Marine Transportation of Packaged Dangerous Goods: Transport Canada’s New One-Window Approach to Issuing MTRB Decisions and Related TDG Equivalency Certificates - SSB No.: 02/2014

PDF Version

RDIMS No.: 8962301
Date (Y-M-D): 2014-04-08

Ship Safety Bulletin

We issue Ship Safety Bulletins for the marine community. Visit our Website at www.tc.gc.ca/ssb-bsn to view existing bulletins and to sign up to receive e-mail notices of new ones.

  1. Canada regulates marine transportation of packaged dangerous goods under two different Acts and related safety regulations:
    • The Transportation of Dangerous Goods Act, 1992 (TDG Act) and the Transportation of Dangerous Goods Regulations are administered by Transport Canada’s Transport Dangerous Goods Directorate.
    • The Canada Shipping Act, 2001 (CSA 2001) and the Cargo, Fumigation and Tackle Regulations are administered by Transport Canada’s Marine Safety and Security Directorate.
  2. Safe carriage of packaged dangerous goods by ships requires compliance with both the Transportation of Dangerous Goods Regulations (TDGR) and Cargo, Fumigation and Tackle Regulations (CFTR).
  3. If, for some reason, it is not possible to satisfy certain TDGR requirements, the authorized representative of a Canadian vessel may propose alternative arrangements, which must provide a level of safety that at least equals compliance with the TDG Regulations.  The authorized representative of a Canadian vessel must apply to the TDG Directorate for an Equivalency Certificate (previously known as a permit for equivalent level of safety or TDG permit) as set out in TDGR Part 14. To learn more about how to apply for a TDG Equivalency Certificate, please visit Transport Canada’s website at: http://wwwapps.tc.gc.ca/saf-sec-sur/3/tdgcert-tmdcert/Certificatesmenu.aspx
  4. Similarly, the Marine Technical Review Board (MTRB) may grant an exemption from – or replacement of – any dangerous goods-related requirement under the CFTR if the Board is satisfied that the exemption or replacement would result in an equivalent or higher level of safety.  The authorized representative of a Canadian vessel must apply to the Marine Safety and Security (MSS) Directorate for an MTRB decision under CSA 2001, 28.(1). To learn more about how to apply for an MTRB decision, please visit Transport Canada’s website at: http://www.tc.gc.ca/eng/marinesafety/rsqa-cea-mtrb-apply-mtrb-131.htm#exempt-equiv
  5. Due to the difference in authorities established under the TDG Act and CSA 2001, shippers must understand:
    • Equivalency Certificates do not indicate approval for exemptions/equivalencies under the CSA 2001’s CFTR requirements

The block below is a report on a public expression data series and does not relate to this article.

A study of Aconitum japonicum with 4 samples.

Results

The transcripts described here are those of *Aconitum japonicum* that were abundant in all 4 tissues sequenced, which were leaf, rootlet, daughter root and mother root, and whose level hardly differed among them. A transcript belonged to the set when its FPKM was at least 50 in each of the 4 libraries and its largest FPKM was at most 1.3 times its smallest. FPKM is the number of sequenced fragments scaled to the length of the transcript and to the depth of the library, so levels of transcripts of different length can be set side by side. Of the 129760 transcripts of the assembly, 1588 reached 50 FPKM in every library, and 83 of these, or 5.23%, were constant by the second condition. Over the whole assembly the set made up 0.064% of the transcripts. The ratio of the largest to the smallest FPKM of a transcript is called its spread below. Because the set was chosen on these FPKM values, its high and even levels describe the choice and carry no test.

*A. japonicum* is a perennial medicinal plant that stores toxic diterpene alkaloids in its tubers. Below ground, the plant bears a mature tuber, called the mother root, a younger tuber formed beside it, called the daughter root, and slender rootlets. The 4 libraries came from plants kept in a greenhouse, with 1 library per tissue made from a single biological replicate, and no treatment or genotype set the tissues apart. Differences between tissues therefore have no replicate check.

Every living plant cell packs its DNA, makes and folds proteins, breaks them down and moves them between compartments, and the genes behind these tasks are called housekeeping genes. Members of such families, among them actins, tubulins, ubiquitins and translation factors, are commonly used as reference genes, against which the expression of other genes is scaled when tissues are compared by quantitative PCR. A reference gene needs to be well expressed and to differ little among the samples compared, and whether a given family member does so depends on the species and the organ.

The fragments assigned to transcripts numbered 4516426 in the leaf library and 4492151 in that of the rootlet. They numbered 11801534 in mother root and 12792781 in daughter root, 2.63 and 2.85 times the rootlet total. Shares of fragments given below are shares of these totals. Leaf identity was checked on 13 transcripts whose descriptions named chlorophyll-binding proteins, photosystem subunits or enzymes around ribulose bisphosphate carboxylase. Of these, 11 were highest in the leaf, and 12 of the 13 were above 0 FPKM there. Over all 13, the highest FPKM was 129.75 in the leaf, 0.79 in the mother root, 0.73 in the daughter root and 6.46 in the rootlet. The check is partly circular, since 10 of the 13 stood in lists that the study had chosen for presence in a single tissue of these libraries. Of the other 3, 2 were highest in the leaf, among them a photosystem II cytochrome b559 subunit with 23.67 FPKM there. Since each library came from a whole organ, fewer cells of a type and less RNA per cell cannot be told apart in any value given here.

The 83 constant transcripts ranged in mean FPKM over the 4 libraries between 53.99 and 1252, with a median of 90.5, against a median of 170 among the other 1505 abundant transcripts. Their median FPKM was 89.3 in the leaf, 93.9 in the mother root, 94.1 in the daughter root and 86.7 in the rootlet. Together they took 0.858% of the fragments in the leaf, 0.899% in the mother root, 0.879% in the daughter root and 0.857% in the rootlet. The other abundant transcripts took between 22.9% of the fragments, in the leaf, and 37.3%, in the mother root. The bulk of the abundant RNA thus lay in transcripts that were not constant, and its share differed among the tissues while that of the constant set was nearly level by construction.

• MTRB decisions do not indicate approval for exemptions/equivalencies under the TDGR requirements.
    What this means: If a proposed exemption relates to a requirement set out under both CFTR and TDGR, the authorized representative of a Canadian vessel must apply for both a TDG Equivalency Certificate and an MTRB decision.
  6. Applying section 270 of the CSA 2001 and the requirement for separate TDG Equivalency Certificates and MTRB decisions affects all old Board of Steamship Inspection (BSI) decisions related to marine transportation of packaged dangerous goods. They:
    • ceased to have effect on 1 July 2012; and
    • will no longer be accepted beyond the date of the vessel’s next annual inspection following 1 September 2014.
    Note: If some vessels still need an exemption to continue carrying packaged dangerous goods previously allowed under the old BSI decisions, their authorized representatives must apply for a new MTRB decision and demonstrate that the proposed alternative measures provide a level of safety that at least equals compliance with the respective CFTR requirements currently in force.
  7. Please also note that in many situations related to compliance with stowage and segregation requirements of the International Maritime Dangerous Goods (IMDG) Code, authorized representatives would need to obtain both a TDG Equivalency Certificate and MTRB decision, as the IMDG Code is referenced in both CFTR and TDGR.
  8. Transport Canada’s Marine Safety and TDG Directorates have established a joint process for reviewing the applications for exemptions from the requirements stipulated under both CFTR and TDGR. This single-window approach saves applicants’ time, without compromising the safe marine transportation of packaged dangerous goods.

The following document is available for downloading or viewing:
Marine Transportation of Packaged Dangerous Goods: Transport Canada’s New One-Window Approach to Issuing MTRB Decisions and Related TDG Equivalency Certificates (172 KB)

Questions concerning this bulletin should be addressed to:
1. Packaged dangerous goods
2. Cargo, Fumigation and Tackle Regulations
3. MTRB decision
4. TDG Certificate of Equivalency
AMSEB
Cargoes and Ship/Port Interface Marine Safety
613-991-3143
Transport Canada
Marine Safety
Tower C, Place de Ville
330 Sparks Street, 11th Floor
Ottawa, Ontario K1A 0N8

Contact us at: marinesafety-securitemaritime@tc.gc.ca or 1-855-859-3123 (Toll Free).